Oxfam is horrified and deeply saddened by the catastrophic bushfires that are affecting communities across Australia, Chief Executive Lyn Morgain said today.
“This is a devastating national disaster, sadly brought home by countless heart wrenching stories of people facing the loss of loved ones, homes and livelihoods,” Ms Morgain said.
“This ongoing and unprecedented bushfire crisis has people in imminent danger, forced from their homes and facing the destruction of their livelihoods with an urgent need for vital aid and support.”
Ms Morgain said that clearly at this time the overwhelming priority was to assist those Australians bearing the brunt of this national emergency and in immediate danger and distress.
Ms Morgain said Oxfam stood with all Australians in its support for the impacted communities. She said people wanting to support Australians in crisis and their recovery could find information about organisations that were providing vital aid services to people affected by the disaster here.
Ms Morgain said communities, however, were also saying that this disaster underscored the urgent need for real action to tackle the global climate crisis, and there could be no question we need to plan for the impact on people and communities.
“Sadly, what this disaster does bring home is that we’re already seeing the effects of the global climate crisis here in Australia, with the catastrophic bushfires made worse by higher temperatures and shifting rainfall patterns,” Ms Morgain said.
“Unfortunately, the Australians join other communities, who are also being forced from their homes by extreme weather disasters that have been exacerbated by the impacts of global heating. Globally, climate fuelled disasters have forced more than 20 million people a year from their homes over the past decade.”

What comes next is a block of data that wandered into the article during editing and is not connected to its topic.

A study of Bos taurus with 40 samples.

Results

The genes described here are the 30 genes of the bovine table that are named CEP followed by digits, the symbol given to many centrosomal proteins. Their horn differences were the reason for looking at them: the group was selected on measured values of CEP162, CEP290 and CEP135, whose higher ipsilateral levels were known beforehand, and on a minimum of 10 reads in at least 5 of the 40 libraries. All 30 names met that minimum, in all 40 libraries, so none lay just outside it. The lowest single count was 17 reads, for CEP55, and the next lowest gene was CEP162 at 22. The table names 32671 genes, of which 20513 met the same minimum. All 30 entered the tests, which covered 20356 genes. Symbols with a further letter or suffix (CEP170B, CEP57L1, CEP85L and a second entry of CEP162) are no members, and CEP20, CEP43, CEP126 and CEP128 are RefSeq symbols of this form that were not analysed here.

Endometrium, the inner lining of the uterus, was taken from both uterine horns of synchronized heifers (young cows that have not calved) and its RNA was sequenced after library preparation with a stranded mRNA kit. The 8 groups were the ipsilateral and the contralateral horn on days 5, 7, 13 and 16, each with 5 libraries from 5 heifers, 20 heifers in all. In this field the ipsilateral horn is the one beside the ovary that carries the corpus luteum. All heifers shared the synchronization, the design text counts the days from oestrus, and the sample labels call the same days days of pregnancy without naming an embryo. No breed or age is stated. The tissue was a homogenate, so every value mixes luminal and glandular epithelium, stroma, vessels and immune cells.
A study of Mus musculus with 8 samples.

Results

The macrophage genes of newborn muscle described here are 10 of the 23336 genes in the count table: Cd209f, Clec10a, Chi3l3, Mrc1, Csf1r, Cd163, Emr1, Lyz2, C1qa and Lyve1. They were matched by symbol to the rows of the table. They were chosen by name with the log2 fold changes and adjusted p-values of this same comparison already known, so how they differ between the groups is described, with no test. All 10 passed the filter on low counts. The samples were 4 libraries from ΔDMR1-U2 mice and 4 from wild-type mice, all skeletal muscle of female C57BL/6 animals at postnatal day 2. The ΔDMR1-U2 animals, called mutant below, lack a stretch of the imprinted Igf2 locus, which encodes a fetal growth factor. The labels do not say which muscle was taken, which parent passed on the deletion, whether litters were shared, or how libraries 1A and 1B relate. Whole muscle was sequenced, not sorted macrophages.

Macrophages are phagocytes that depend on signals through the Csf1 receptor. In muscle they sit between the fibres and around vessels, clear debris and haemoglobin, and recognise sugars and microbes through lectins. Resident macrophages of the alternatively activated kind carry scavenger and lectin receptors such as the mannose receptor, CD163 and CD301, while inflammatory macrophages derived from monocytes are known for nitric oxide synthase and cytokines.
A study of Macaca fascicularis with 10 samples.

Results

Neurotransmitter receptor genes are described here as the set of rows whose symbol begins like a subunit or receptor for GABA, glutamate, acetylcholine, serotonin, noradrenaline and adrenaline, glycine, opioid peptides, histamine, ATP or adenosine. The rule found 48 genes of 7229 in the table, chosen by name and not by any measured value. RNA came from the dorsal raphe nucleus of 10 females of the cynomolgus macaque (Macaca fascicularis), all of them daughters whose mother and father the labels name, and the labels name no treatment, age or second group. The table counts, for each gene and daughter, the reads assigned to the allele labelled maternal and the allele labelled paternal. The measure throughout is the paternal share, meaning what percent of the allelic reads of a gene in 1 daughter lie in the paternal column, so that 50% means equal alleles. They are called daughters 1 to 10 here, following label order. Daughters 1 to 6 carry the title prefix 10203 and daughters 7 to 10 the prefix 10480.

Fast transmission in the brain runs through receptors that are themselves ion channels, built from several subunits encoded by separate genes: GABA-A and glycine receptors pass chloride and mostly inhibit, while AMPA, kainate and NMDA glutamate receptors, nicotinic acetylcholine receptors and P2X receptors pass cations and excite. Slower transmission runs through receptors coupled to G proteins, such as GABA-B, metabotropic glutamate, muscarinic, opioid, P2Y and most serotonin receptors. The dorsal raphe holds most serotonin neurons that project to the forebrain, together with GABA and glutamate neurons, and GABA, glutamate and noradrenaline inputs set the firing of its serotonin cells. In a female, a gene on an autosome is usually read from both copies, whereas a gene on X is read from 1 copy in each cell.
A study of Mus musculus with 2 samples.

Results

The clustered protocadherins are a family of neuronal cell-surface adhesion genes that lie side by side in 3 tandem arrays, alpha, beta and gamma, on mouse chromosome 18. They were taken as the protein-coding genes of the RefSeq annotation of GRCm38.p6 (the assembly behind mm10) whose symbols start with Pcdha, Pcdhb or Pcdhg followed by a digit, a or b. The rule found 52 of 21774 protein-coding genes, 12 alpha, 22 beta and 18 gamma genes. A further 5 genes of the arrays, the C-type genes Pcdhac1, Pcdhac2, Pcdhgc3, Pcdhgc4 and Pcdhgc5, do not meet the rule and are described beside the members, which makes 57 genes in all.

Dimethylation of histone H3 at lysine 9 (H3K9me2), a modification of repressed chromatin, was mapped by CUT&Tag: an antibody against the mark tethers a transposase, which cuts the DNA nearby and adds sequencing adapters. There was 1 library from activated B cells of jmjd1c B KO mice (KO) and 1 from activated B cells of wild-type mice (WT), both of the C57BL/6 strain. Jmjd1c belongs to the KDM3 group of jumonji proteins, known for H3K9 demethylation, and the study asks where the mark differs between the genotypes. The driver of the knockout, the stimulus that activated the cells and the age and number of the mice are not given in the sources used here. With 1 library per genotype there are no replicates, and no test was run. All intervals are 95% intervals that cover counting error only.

Ms Morgain said scientists had been warning that climate change would increase the risk of extreme bushfires – and the current disaster was evidence that there was no excuse for any further delay in Australia scaling up the action that was needed to limit global warming to 1.5C and in strengthening its commitments under the Paris Agreement.
“The Australian Government must develop a timeline for the complete phase-out of coal and other fossil fuels from Australia’s energy system, including shifting to 100% renewable electricity by 2030,” she said. “It must also commit to an end to new coal mines, shift rapidly from coal and gas exports to clean exports and ensure that no Australians are left behind as we transition to a zero emissions future.”
“This year, culminating at COP26 in Glasgow, will be a defining year in the battle against climate change. Australia should be leading by example, encouraging stronger action internationally and ensuring a better future for Australians and communities everywhere. But as recently as COP25 in Madrid last month, we have seen Australia trying to put the brakes on global cooperation. We can only hope that will now change.”